Welcome to the fickled world of short sales. this is exactly the reason many agents are steering clear of these nightmarea and recommending customers to consider traditional sales or foreclosures.
There are many agents who want more for their customers and try to protect them from this type of experience that will no doubt leave a bitter taste regarding this process.
Our recommendation....move on, find another opportunity, and end this frustration.
An agent shouldn't tell you that it should take 72 hours as it's just not realistic with how large the banks' case loads are per negotiator. The agent should've prepped you and informed you about short sales prior to making an offer. It also states in the contract you signed with your offer that the time frame is based on lenders discretion in so many words.
We as agents would love it if the time frames were more cut and dry as would the sellers (home owners) and you as the buyer. It's a frustrating process but in the end it's most likely that you are getting a great deal and ultimately helping the sellers (home owners) as well by preventing them from a very public foreclosure. If you have the patience and love the home it's well worth it in the end. :)
If you have further questions or concerns don't hesitate to reach out further!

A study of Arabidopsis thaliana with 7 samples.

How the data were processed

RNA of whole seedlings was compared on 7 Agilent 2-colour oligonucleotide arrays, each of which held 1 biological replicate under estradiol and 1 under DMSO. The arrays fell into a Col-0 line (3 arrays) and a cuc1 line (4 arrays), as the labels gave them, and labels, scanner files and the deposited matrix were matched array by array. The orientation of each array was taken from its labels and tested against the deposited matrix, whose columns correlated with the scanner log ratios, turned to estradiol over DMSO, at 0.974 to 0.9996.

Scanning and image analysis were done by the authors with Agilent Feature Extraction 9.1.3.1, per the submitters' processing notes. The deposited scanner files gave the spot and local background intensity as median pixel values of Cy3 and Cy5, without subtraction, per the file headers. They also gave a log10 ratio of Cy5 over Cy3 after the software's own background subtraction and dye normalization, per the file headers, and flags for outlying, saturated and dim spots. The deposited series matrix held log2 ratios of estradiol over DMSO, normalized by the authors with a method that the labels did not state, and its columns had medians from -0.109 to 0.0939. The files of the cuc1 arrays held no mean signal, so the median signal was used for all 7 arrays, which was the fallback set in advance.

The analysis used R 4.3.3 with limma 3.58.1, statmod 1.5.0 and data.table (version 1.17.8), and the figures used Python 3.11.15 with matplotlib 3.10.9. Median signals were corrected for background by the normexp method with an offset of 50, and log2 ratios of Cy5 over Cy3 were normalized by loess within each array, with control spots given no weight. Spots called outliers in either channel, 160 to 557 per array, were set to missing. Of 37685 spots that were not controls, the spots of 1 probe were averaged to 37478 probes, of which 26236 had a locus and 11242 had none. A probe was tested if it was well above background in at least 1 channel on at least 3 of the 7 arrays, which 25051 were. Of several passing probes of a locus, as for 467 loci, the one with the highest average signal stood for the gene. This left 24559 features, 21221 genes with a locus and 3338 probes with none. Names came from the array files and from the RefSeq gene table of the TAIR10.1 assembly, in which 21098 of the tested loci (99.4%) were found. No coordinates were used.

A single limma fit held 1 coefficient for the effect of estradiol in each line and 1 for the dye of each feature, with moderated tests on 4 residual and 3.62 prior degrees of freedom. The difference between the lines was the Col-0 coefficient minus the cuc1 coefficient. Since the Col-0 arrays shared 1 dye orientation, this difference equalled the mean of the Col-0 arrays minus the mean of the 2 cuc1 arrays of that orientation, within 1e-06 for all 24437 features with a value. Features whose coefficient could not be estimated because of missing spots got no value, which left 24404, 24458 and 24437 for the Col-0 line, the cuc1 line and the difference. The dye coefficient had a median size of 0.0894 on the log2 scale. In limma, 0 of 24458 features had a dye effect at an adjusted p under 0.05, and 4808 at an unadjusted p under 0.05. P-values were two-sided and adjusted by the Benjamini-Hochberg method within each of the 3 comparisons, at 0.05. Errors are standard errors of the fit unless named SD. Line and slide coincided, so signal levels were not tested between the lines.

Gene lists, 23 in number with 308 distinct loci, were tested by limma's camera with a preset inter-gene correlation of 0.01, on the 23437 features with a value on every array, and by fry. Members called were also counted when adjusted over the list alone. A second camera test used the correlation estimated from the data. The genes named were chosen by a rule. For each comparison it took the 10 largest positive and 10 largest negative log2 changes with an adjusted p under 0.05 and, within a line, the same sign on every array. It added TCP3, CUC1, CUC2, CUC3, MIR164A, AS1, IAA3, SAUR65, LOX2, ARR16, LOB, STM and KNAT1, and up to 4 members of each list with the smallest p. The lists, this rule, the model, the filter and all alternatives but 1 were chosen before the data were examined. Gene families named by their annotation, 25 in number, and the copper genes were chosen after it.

Wish you the best and patience!! :)
Apple Valley Realtors
The bank often is taking a loss in these situations so unless you can scare them into thinking they might loose a lot more money in the near future by holding the property any longer (approaching winter and vacant homes dont mix well), they dont have much incentive to move with the same level of enthusiasm an investor about to make a good profit would have.
I have also dealt with realtors that are representing such homes and they maybe looking at two things. Maybe 20% of the offers they submit on such properties actually reach a closing table. This results in realtors investing A LOT of time into deals that do not go through. Then the percentage splits are usually not the greatest as compared to conventional sales. Finally many banks require that listing agents have to carry certain cost associtaed with the property. This can range from utilities in thier name to repairing drywall damage, yard maintenence and changing locks. Even the most dedicated agent/broker person will get worn by these odds.
Having said that you do need to set time constraints.....on yourself. The bank is losing money and I doubt they will ever make rules to force a bank to move faster for the convienence of buyers. Make a decision how long you are willing to wait for a response and then stick to it. I have currently submitted offers on two four units in Wisconsin each worth 100k more than my offers. That is a great.......if they close. I am giving them two months then moving on.
Yvonne Baker, Real Estate Consultant
Are you working with a buyer's broker and/or an attorney who can review the documents / offer and give you expertise, while also helping with the communications directly with the bank? The accepted offer is a key piece - there probably is more to this than meets the eye. I'd check with an attorney at this juncture; you might need a designated hitter.